When 14-year-old Joselynn Tensley scrolled through rolls of microfilm for a school project, she uncovered the juicy details her great-great-grandmother hid from future generations: a sensational murder trial and a scandalous romance.
Reporters described Lena Malito as a pretty Italian woman who was the star defense witness in Charles Potestio’s murder trial. On Labor Day 1932, Potestio was accused of killing her ex-husband, Peter Malito, and his friend John Mauro on the street outside what is now the Bing Crosby Theater, after they reportedly stalked him at local hotels.
To Joselynn’s shock, she learned Lena married Potestio less than a year after he was acquitted of the murder charges.
“How do you get away with murder and why would she go and marry him?” Joselynn said.
Potestio worked in theater advertising, later becoming a lithographer, according to his obituary published in 1941. Lena never remarried after his death at the age of 62.
Lena’s descendants say she didn’t like to talk about the trial or the deadly encounter. She hid most of the drama from her two children, Ralph and Mary Malito, who were taken to their aunt’s home near Dishman Hills the night of the murder.
Joselynn’s mother, B.J. Tensley, remembers going to local cemeteries with her grandmother, Mary, when she was a little girl. They would regularly place flowers on the graves of Lena and Peter Malito. Never Potestio’s.
When Tensley would ask her grandmother about her parents, she never really got a good answer.
The research sparked more curiosity for Joselynn. At Central Valley High School, Joselynn was studying Italy for her world geography class. Her family’s history was the perfect way to learn more.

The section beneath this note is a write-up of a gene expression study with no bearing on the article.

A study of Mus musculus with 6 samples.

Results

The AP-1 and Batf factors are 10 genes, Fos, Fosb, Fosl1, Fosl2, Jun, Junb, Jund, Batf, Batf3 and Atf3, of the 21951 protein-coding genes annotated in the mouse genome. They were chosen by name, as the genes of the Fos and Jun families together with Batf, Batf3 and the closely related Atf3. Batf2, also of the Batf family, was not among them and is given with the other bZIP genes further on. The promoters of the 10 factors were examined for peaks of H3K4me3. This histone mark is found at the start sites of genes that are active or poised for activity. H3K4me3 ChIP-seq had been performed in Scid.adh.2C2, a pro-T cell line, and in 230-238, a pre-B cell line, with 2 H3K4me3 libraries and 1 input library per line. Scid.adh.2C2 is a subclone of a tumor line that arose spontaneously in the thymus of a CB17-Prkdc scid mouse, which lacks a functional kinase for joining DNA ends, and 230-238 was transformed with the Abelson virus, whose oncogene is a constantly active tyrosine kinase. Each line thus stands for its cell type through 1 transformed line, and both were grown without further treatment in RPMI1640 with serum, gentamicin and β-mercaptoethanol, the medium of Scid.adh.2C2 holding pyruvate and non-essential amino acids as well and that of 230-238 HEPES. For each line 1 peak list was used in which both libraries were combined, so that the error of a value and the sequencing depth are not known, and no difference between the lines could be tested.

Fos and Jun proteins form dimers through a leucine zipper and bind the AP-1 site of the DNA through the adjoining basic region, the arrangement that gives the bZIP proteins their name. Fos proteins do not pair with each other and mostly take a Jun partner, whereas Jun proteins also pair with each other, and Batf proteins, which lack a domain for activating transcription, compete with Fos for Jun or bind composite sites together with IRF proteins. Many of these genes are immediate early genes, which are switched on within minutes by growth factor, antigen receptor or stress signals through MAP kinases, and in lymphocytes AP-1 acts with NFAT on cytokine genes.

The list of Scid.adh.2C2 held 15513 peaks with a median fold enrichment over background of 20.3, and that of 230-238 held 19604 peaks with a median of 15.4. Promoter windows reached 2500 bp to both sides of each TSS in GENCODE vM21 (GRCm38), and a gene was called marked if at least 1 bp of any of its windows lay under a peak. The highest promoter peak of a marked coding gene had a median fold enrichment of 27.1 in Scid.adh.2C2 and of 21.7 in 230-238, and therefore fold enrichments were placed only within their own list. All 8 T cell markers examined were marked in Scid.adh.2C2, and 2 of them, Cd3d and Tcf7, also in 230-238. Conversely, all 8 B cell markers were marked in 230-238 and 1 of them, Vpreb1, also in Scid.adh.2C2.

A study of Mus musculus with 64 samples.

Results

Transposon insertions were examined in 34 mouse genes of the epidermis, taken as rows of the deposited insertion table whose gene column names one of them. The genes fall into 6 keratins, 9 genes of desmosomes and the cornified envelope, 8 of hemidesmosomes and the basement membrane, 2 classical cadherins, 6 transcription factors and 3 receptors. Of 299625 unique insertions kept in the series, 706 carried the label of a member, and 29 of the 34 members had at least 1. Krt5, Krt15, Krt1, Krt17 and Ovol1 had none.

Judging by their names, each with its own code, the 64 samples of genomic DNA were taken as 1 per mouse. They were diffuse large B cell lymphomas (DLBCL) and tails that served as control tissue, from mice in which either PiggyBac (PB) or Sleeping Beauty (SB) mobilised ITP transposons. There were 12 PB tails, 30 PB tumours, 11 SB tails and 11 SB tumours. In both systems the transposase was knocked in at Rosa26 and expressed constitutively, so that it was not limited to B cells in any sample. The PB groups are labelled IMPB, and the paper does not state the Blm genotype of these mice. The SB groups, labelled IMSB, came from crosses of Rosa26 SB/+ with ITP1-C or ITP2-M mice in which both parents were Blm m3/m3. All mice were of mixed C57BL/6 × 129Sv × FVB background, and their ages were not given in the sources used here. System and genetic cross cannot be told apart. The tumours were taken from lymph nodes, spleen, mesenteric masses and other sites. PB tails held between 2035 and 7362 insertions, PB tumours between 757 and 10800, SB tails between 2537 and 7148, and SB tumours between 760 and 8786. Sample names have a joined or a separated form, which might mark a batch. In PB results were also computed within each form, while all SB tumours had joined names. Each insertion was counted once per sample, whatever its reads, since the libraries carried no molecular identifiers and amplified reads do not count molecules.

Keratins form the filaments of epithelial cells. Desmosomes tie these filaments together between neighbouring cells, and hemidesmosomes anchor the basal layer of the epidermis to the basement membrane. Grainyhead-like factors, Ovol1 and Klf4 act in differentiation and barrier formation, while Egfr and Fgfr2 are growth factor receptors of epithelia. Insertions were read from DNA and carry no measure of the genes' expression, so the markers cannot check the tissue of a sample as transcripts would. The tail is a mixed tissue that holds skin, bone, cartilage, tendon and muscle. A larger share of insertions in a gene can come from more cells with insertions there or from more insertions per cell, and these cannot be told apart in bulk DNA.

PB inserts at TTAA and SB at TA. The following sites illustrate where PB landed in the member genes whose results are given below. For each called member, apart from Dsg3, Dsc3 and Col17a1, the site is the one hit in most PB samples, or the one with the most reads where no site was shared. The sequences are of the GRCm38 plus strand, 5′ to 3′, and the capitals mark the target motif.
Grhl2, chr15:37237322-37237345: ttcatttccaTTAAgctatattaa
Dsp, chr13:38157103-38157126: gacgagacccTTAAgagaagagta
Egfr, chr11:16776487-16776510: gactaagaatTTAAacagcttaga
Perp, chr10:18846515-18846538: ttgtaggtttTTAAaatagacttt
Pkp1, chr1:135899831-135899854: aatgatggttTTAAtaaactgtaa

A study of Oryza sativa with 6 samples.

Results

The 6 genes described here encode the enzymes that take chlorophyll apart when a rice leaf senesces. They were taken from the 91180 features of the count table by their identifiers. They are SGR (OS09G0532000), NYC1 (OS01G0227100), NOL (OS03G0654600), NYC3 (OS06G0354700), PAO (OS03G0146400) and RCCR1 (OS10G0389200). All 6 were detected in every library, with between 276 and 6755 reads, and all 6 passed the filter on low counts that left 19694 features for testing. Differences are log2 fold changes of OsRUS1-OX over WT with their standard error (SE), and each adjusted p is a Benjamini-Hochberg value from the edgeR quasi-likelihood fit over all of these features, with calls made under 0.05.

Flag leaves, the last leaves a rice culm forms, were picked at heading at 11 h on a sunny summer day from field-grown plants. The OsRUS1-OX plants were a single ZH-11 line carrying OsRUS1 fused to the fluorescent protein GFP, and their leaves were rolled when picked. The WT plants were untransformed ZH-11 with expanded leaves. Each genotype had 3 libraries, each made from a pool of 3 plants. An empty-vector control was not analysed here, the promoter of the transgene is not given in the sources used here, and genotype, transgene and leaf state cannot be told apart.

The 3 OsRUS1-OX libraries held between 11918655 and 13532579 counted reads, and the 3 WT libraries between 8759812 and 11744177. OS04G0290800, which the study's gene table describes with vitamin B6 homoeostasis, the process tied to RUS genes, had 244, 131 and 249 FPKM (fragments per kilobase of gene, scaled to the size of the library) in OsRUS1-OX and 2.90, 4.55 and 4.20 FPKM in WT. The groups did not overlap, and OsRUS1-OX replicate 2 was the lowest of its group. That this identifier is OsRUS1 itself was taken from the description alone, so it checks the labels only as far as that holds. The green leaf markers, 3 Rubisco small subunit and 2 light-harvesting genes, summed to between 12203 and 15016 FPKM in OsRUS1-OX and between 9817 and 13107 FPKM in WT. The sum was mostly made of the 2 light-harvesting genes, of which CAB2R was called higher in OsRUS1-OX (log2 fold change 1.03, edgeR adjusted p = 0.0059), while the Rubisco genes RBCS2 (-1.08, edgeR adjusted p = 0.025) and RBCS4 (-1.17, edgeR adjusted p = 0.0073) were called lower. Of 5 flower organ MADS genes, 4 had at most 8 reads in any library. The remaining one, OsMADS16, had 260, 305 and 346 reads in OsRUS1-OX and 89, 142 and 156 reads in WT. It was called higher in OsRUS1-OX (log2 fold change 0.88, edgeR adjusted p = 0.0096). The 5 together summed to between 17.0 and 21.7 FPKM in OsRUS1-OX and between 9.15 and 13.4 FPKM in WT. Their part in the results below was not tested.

Lena immigrated to the United States from Italy with her three sisters and settled in Spokane, according to Spokesman-Review archives. She married Peter Malito in 1917 and they eventually lived in a house at 3312 E. Euclid Ave. A year after the birth of her first child, she met Potestio.
“We always looked on him as a relative. He came home with Malito and later came with others,” Lena testified during the trial. “Potestio would tell Malito to have me cook dinner and he always paid well for the meals, paid more than they were worth.”
She divorced Peter Malito in May 1932. She claimed Potestio did not break up their marriage.
During the trial, Lena Malito consulted a pastor who claimed to be a medium to the dead, reports said. He turned over to prosecutors a list of questions Lena Malito asked him, including if she would marry Potestio.
Peter Malito threatened Lena Malito before and after their divorce, she said.
“He said: ‘You marry him or any other man, I’ll kill him, the children and you and save the last bullet for myself. I swear this over the bones of my dead brother. I’ll do it.’ He hit me and I fell down,” Lena Malito told the court.
B.J. Tensley is skeptical of the romance between Lena and Potestio.
“I don’t know if they were truly in love, but some of the stories my family was told, it may have been out of fear. He may have had some ties which is how he got acquitted from his trial,” B.J. Tensley said.
They’ve hunted for family photos since the discovery and found plenty of Lena and Peter Malito, but none of Potestio.
The Tensleys wonder what piece of their history is still in Italy. They’ve identified distant relatives near Grinaldi, Calabria, but the language barrier makes communication difficult.
The history they do have is stored on aging archives and a family’s intrigue passed down the generations, but nobody really knows why two men died and what role Lena and Potestio played. Not even the trial could answer that.